First Drive: Why and how the new 290PS Golf GTI TCR will leave you breathless
First Drive: Golf GTI TCR
Only a decade or so ago the conventional wisdom was the maximum power you could reasonably put through the driven wheels of a front-wheel-drive car was 200PS.
Any more, back then, and the chassis and drivetrain just couldn't cope, it was claimed.
I well remember driving hot hatches of that era where, if the whites of your knuckles weren't showing from gripping the steering wheel firmly, you were at severe risk of being pulled into the scenery thanks to arm-wrenching torque steer.
So what to make of Volkswagen's latest Golf GTI which pumps out 290PS (380Nm) via the front wheels?
You should know from the start , that the Golf GTI TCR is going to be a rare beast; only 20 are scheduled for Ireland.
TCR stands for Touring Car Racing. This is the road-going version of Volkswagen's race car that competes in an international racing series.
It's the Mark 7 Golf GTI's last hurrah - an all-new Golf will be unveiled later this year.
Hitherto the most powerful GTi was the 245PS Golf Performance. That continues as the 'entry level' version; the previous 231PS model has now been dropped.
So the GTI TCR is by some way the most powerful GTI to date; it's only 10PS down on the all-wheel-drive Golf R.
Only available with a DSG auto gearbox, it's priced at €47,495 (€2,325 more than the regular GTI) and it undercuts the R by just more than €2,000. Interestingly it comes as a 3dr or 5dr - for the same price.
It does 0-100kmh in 5.6 seconds and has a top speed of 250kmh. There is an option to remove the electronic Vmax limiter to give you an extra 10kmh.
That is a somewhat superfluous addition considering there isn't even a race track in Ireland where you could reach that kind of speed, though it also includes a sports version of the rear shock absorbers and adaptive Dynamic Chassis Control (DCC).
Compared with the regular GTI, the TCR sits 5mm lower, has a limited slip differential and perforated brake discs with special brake pads.
Body mods include an additional front splitter, a specially designed rear diffuser and black spoiler.
Inside, a red mark at the top of the steering wheel adds to the race car feel.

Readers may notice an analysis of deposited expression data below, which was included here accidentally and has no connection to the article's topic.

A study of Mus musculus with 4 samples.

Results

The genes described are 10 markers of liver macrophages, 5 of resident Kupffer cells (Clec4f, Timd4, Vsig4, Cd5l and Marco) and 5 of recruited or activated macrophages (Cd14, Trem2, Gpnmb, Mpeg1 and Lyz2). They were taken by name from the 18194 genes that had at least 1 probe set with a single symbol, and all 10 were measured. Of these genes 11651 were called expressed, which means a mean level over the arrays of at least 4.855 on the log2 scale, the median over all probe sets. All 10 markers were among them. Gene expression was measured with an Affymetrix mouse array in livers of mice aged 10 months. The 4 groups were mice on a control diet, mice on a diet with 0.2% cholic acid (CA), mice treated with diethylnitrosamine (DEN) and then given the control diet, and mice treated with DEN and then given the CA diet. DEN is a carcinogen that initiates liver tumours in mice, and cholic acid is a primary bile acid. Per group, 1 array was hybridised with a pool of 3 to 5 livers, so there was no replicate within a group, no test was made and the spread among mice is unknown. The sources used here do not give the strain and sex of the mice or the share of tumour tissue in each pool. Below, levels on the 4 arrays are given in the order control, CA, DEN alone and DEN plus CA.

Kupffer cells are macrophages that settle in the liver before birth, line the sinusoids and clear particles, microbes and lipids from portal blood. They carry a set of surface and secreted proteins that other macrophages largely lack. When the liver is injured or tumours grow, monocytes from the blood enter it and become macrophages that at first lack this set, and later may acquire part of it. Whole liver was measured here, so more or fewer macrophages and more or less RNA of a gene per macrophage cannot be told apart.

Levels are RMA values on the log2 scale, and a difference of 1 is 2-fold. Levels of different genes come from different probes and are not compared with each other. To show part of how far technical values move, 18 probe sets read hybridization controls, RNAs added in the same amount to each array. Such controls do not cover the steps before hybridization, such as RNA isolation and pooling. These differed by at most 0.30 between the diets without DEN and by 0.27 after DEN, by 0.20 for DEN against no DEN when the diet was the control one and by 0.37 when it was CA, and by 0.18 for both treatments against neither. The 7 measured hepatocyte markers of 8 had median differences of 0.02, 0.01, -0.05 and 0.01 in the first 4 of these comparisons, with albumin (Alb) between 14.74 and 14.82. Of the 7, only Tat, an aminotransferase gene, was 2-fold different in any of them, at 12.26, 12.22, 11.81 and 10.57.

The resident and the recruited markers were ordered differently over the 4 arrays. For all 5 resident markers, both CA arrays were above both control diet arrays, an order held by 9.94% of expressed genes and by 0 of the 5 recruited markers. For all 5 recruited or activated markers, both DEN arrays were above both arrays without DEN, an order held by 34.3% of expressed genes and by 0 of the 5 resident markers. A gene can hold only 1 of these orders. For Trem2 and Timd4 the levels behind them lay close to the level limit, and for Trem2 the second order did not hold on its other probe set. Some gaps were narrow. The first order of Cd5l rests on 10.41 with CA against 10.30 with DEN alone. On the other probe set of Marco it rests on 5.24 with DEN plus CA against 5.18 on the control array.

It's probably a measure of how expectations have changed that it was no surprise the GTI TCR was able to handle those 290 horses with ease.
Even under hard acceleration there was hardly a hint of a squirm from the steering wheel.
The ride was noticeably firm, though that in part is probably due to the optional 19ins rims fitted to test cars -18ins is the default size.
Much of our driving was on the Portamao race track near Faro, Portugal where the GTI TCR was in its element.
Its ability to turn in and accelerate hard without drama belied its front-wheel-drive layout.
At Portamao we also had the opportunity to drive all of the six previous generations of GTI.
What a privilege that was.
Writing about that is a story in itself, but suffice to say that stepping from one to the other brought into stark relief just how much cars have evolved since the Mark 1 of 1976 vintage.
Those cars redefined sportiness in their time, but even the slowest modern cars would feel rapid compared with the first three generation GTIs where 80kmh felt like 180kmh in the TCR.
That Mark 1 had all of 110PS, and doubtless its engineers could never have envisaged its successor would pump out not far off three times that figure.
Whether the Mark 14 GTi in another 40-plus years will boast in the region of 600PS remains to be seen, but for now, this GTI TCR looks set to be a much sought-after niche model of what is a true icon.
Deliveries start in March on a first-come first-served basis.
What a treat a limited number of people have in store.